Tecfidera Up Against Bafiertam in Phase 1 Study of GI Tolerability
A first healthy volunteer has enrolled in a randomized, double-blind Phase 1 study to compare the gastrointestinal (GI) tolerability and safety of oral Tecfidera to Bafiertam, an oral bioequivalent in treating relapsing forms of multiple sclerosis (MS), Banner Life Sciences announced.
Tecfidera (dimethyl fumarate, marketed by Biogen) is an approved capsule therapy for relapsing MS patients that modulates the immune system in order to prevent autoimmune attacks. Tecfidera is a pro-drug that is metabolized by the liver from dimethyl fumarate to monomethyl fumarate.
Bafiertam, in development by Banner Life Sciences, is a monomethyl fumarate compound that has been given tentative approval as a Tecfidera bioequivalent by the U.S. Food and Drug Administration (FDA). Bioequivalence means that equivalent doses of two medicines provide the same amount of the active ingredient, at the same rate, and at the specific site of action.
Its approval is tentative pending the outcome of litigation initiated by Biogen, or the close of that company’s Tecfidera patent, set to expire in June 2020.
Patients treated with Tecfidera can experience a range of gastrointestinal symptoms, such as abdominal pain, nausea, diarrhea, vomiting, and indigestion.
“While fumarates represent a significant therapeutic tool for the treatment of relapsing-remitting multiple sclerosis, gastrointestinal tolerance is a common issue and often leads to early discontinuation of treatment,” Franck Rousseau, MD, Banner’s CEO, said in press release.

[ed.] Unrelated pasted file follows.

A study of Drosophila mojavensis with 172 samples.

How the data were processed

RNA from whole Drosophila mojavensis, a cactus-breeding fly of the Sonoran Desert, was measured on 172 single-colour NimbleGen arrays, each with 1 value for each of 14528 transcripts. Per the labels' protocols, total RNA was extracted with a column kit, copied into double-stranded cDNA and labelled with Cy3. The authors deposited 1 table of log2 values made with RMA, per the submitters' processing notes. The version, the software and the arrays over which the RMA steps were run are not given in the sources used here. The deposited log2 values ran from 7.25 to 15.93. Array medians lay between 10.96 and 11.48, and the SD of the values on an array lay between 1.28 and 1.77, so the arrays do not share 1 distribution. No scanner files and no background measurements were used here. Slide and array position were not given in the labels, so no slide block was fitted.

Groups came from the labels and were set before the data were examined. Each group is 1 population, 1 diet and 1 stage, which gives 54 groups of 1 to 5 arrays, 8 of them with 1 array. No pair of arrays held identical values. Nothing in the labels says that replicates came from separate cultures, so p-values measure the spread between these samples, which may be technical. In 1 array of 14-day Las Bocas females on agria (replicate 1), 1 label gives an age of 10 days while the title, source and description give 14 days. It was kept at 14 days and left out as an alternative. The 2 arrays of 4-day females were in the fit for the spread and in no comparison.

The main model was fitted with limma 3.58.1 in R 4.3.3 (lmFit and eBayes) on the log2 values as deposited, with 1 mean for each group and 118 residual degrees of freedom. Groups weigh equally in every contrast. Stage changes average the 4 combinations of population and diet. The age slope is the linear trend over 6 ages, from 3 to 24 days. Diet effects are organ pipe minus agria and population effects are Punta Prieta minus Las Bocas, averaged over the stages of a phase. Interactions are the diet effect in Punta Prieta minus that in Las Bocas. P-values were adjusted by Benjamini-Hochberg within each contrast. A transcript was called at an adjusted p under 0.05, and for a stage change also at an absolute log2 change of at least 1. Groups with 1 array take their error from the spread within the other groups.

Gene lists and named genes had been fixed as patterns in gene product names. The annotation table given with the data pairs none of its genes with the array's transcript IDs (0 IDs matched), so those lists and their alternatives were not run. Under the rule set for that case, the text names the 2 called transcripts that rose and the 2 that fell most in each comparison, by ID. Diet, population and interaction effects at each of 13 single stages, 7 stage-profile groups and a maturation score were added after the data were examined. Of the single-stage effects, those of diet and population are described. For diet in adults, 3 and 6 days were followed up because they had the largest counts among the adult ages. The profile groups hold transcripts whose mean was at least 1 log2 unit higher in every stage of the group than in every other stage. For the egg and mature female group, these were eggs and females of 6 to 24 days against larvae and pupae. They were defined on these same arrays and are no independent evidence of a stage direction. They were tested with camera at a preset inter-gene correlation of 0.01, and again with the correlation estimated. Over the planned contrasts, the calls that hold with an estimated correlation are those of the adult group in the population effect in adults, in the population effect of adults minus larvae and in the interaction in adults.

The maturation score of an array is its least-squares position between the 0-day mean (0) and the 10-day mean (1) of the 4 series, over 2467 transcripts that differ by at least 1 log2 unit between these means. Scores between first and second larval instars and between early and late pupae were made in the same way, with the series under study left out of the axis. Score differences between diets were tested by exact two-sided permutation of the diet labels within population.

The Phase 1 trial (NCT04022473) will compared the GI tolerability of Bafiertam to Tecfidera in up to 200 healthy adults. Participants will be randomly assigned to one of the two therapies and followed for five weeks, as adverse GI symptoms typically appear in the first weeks of treatment.
In the first phase (titration period), volunteers will receive either 95 mg of Bafiertam or 120 mg of Tecfidera twice daily for seven days. The second phase (maintenance period) lasts for four weeks, and participants will be given either 190 mg of Bafiertam or 240 mg of Tecfidera twice a day.
Daily gastrointestinal symptoms such as nausea, diarrhea, upper abdominal pain, lower abdominal pain, vomiting, constipation, bloating, and flatulence will be recorded and analyzed. Symptom severity will be assessed on a scale from zero (no adverse symptoms) to 10 (severe adverse symptoms) throughout the study.
Company officials expect Bafiertam to cause fewer and less severe GI symptoms compared to Tecfidera.
“Since Bafiertam meets the FDA’s required bioequivalence, safety, and efficacy at lower doses than Tecfidera, and is MMF [monomethyl fumarate] rather than dimethyl fumarate, we think it has the potential to be better tolerated,” Rousseau said.
This study, still recruiting volunteers at its single site in Missouri, is expected to end in late October.